March is Women’s History Month. To celebrate, First News at Nine is proud to present Remarkable Women. Each week in March, we’ll be recognizing local women who have made remarkable contributions in their communities. Every Tuesday, we’ll share a story highlighting one of four women who inspire, lead, and make a positive impact on the lives of others.
Tonight, our story is about Sharon Zimmer, a dedicated volunteer for the Hunger Task Force who will go out of her way to bring kindness to anyone she meets.
My name is Verneda Kessling and I live in Onalaska. I first met Sharon when we worked at Kwik Trip together, in the factory. The reason I nominated Sharon is that not only has she done so much for me as a single mom. But she goes out of her way to go above and beyond for anybody. And I don’t know how she does it, I don’t know how she fits so much into a day. Where she was at the hunger task force but she was still working full time at Kwik Trip, and she was constantly making meals or making a treat or something for all of us at Kwik trip. She is just so giving; such a giving person and she never wants anything in return.
That’s just my philosophy is kindness can go a long way. Whether it’s just a pat on the back or some kind words saying you’re doing a great job, or what can I do. Always ask, what can I do to make your life better.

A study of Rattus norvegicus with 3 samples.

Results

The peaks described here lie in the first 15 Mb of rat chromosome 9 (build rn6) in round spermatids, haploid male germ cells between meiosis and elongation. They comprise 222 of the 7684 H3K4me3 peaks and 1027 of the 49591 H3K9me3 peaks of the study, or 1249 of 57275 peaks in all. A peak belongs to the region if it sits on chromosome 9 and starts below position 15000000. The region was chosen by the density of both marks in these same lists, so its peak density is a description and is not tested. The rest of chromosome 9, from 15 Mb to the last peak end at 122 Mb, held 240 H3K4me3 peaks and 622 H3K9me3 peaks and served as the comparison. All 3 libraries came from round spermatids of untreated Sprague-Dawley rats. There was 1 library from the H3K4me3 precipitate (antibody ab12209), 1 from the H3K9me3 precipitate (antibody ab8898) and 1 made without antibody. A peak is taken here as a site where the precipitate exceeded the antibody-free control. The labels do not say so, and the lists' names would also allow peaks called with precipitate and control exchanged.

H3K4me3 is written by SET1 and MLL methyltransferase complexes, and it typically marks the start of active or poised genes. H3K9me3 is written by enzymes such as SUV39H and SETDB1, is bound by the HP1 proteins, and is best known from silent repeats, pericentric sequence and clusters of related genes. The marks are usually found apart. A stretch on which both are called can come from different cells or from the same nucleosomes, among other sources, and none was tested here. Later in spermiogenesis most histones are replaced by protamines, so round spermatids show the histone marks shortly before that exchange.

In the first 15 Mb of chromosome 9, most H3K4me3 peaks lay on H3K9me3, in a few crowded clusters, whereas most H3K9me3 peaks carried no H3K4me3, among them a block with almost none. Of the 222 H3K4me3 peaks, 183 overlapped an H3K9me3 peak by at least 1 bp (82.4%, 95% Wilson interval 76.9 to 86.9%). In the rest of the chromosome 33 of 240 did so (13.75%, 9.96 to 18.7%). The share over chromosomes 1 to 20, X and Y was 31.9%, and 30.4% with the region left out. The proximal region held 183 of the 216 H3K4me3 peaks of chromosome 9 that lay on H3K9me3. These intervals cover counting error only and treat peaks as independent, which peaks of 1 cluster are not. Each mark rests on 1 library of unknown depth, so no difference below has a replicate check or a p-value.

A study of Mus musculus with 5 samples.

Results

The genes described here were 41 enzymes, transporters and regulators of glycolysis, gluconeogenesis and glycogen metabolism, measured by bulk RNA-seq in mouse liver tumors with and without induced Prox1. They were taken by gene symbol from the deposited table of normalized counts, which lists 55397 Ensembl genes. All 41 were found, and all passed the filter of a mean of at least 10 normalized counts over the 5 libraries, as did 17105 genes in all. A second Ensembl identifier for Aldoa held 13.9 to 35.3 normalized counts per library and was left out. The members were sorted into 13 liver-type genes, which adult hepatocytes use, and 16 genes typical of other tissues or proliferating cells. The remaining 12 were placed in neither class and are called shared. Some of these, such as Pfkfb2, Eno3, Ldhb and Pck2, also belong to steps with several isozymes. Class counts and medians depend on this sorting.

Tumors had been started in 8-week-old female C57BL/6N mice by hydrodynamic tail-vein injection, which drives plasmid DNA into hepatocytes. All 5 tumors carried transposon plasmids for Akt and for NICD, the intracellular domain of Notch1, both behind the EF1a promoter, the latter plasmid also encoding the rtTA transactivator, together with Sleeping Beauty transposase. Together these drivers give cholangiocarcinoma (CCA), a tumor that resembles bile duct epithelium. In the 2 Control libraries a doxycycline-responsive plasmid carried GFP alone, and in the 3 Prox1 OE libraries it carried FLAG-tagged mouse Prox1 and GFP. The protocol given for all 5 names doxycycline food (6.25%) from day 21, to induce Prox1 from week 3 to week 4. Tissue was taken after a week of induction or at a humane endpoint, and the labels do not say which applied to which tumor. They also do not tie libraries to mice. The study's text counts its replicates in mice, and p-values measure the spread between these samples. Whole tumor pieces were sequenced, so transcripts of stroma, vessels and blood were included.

I just wanted to recognize her because she deserves that. She does so much for our community. Not just for the Alzheimer’s association but for the hospitals, and for the Hunger Task Force, and handing out boxes when it’s raining or snowing, she’s there. And she has Chuck along with her and they are a wonderful couple that does things together. And when she got the diagnosis of Chuck having Alzheimer’s…it was hard. But in true Sharon fashion, she snapped it together knowing that this is life now and I have to continue on and I’m going to do the best I can for him because that’s what she does.
We do the dementia group and I’m big in the Alzheimer’s Association because that’s kind of where my life is going. My husband was diagnosed in 2018 at age 60.
We’re in a clinical trial to try to find maybe a cure for this because there is no known cure. And it takes research dollars, so we did a huge fundraiser walk last summer. We’ll see where this goes this year but that’s where we’re at. Every week we find something to do in the community to give of ourselves.
She’s like a superwoman, she really is. She has things planned for the day. She’s ready to go out and volunteer. She’s ready to give and it doesn’t stop. She’s just a remarkable person.